Why CEOs Need to Adapt to Social Media

It has now been widely accepted that social media is not a passing fad that will simply die out in a few years time, remembered only as a quaint online distraction in years to come. Quite the contrary, social media is now an essential part of the worlds industries and has revolutionised the way we interact with each other and the way big businesses communicate with their customers.

Lack of Social CEOs

Knowing how integral social media has become, it is surprising to note that the majority of big company CEOs are virtually invisible on social media sites. They’re not on Facebook, not on Twitter, not on Google Plus, not on Pinterest—they’re barely even on LinkedIn. Over half of the US population has embraced social media, yet 7.6% of Fortune 500 CEOs have bothered to jump on Facebook, and just 4% have opened Twitter accounts. All in, 70% of big company CEOs have no presence on social networks.

In a recent survey conducted by domo, some of the findings are quite shocking:

  • 70 percent of CEOs have no presence on social networks.
  • Of the 38 Fortune 500 CEOs on Facebook, Michael Rapino of Live Nation Entertainment has the most friends, with 1,723.
  • Among the 20 Fortune 500 CEOs who have opened Twitter accounts, 5 have never tweeted. (Note: At the end of the survey, only 19 CEOs had Twitter accounts. Oracle’s Larry Ellison joined Twitter after the survey was completed, boosting the number to 20.)
  • The average number of followers for Fortune 500 CEOs with Twitter accounts is 33,250.
  • Rupert Murdoch of News Corp, with 249,000 followers, is now the most-followed Fortune 500 CEO, surpassing HP’s Meg Whitman who was in the number one spot when the survey was taken.
  • 10 Fortune 500 CEOs have more than 500 LinkedIn connections, while 36 CEOs have 1 LinkedIn connection or none.
  • Six Fortune 500 CEOs contribute to blogs, and only one of the six CEOs, John Mackey of Whole Foods, maintains his own blog.
  • Zero Fortune 500 CEOs are on Pinterest.

Responding to Social Media

Social network sites like Facebook, Twitter and LinkedIn are now an integral part of peoples daily lives. CEOs have a responsibility to their shareholders to be visible, and those who shun social media risk losing touch with some of their most lucrative customers, prospects and influencers. In order to respond effectively to social media, organisations have had to make changes to process, policy and culture. The successful ones have developed social media strategies that are aligned to their customers’ requirements, and have had to communicate clear policies and procedures to their employees.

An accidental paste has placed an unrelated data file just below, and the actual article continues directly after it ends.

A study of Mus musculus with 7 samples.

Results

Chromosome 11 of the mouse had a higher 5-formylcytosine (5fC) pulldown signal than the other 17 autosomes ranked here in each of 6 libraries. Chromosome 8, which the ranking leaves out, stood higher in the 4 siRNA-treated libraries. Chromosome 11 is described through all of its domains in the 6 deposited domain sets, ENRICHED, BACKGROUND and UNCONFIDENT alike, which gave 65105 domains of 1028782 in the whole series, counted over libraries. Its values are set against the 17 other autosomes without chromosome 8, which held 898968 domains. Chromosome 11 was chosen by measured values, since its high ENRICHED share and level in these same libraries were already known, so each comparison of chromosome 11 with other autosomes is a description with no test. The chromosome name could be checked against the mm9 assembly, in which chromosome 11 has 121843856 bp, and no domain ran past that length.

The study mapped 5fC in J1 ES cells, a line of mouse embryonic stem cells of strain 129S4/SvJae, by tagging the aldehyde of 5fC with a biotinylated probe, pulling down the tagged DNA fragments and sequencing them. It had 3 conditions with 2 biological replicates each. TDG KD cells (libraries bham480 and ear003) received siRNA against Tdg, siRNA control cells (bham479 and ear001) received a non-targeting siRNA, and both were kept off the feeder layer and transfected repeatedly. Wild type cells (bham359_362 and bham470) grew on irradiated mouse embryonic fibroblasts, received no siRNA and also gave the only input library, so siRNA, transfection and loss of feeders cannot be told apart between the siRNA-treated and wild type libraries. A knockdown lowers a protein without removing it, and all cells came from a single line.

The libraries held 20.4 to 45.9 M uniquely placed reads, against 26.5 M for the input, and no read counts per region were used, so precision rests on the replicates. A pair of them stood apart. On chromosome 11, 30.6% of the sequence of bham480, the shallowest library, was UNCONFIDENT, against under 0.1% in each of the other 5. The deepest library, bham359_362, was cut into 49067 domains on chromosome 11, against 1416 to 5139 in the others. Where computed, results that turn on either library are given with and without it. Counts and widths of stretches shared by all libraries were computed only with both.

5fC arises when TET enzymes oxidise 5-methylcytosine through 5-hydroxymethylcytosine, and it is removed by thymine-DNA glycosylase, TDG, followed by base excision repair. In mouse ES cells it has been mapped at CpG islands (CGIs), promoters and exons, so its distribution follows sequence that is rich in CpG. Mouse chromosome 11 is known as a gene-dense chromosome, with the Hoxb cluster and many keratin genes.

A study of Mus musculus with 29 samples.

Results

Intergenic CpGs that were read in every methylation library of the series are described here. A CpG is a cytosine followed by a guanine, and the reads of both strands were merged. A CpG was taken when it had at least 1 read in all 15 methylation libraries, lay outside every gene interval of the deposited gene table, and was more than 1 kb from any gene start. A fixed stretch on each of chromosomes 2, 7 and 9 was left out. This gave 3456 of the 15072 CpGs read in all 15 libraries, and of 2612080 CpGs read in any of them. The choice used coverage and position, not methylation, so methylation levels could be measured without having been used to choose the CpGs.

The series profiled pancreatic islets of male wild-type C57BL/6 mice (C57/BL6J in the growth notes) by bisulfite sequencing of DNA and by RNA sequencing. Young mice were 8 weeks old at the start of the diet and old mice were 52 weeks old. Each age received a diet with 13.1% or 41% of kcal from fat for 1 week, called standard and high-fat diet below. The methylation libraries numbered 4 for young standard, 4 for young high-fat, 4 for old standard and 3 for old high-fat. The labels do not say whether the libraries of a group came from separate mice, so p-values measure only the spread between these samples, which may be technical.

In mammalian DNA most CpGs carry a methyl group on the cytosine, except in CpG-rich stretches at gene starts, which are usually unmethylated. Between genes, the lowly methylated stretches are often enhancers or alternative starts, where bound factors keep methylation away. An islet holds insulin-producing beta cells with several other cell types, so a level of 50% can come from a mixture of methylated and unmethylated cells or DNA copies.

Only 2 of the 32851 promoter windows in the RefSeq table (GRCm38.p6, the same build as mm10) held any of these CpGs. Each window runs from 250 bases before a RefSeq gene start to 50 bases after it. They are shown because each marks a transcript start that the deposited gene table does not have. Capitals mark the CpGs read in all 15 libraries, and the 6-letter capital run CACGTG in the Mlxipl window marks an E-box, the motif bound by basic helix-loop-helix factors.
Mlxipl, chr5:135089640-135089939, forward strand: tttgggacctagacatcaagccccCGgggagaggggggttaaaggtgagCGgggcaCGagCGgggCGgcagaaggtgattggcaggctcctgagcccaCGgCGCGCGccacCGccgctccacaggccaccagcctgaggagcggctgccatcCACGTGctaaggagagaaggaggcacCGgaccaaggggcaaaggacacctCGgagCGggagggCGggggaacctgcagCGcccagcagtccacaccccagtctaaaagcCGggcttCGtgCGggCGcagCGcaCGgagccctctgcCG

Social media has allowed big corporations to have a more personal and direct relationship with its customers. This new digital technology has become a dominant force in consumer culture and is being exploited successfully by some of the world’s leading businesses. The world’s top brands are using social media as a meaningful way of deepening relationships with their customers, and in response customers are connecting and having conversations about organisations through social media, whether organisations are actively engaged or not, and brands risk being compromised if they fail to participate.

CEOs need to champion innovation in whatever form it takes. Social media is just one form of innovation, and the chances are there will be a lot more coming up in the future. CEOs need to believe and accept the transformative power of social media.  However, if they persist in lagging far behind the general population in social media participation and not delivering value to the shareholders, they may not be CEOs for much longer.

Below is the infographic showing the future of Social CEO. It also reveals the benefits of social engagement and social media marketing for the businesses.

“Why leaders need a social media?” is an interview with G. Swiegers, Deloitte’s Australia CEO who explains the idea of ‘digital native’, ‘digital dinosaur’ and ‘digital immigrant’. Mr. Swiegers also explains why social media is a key for being a leader in the future.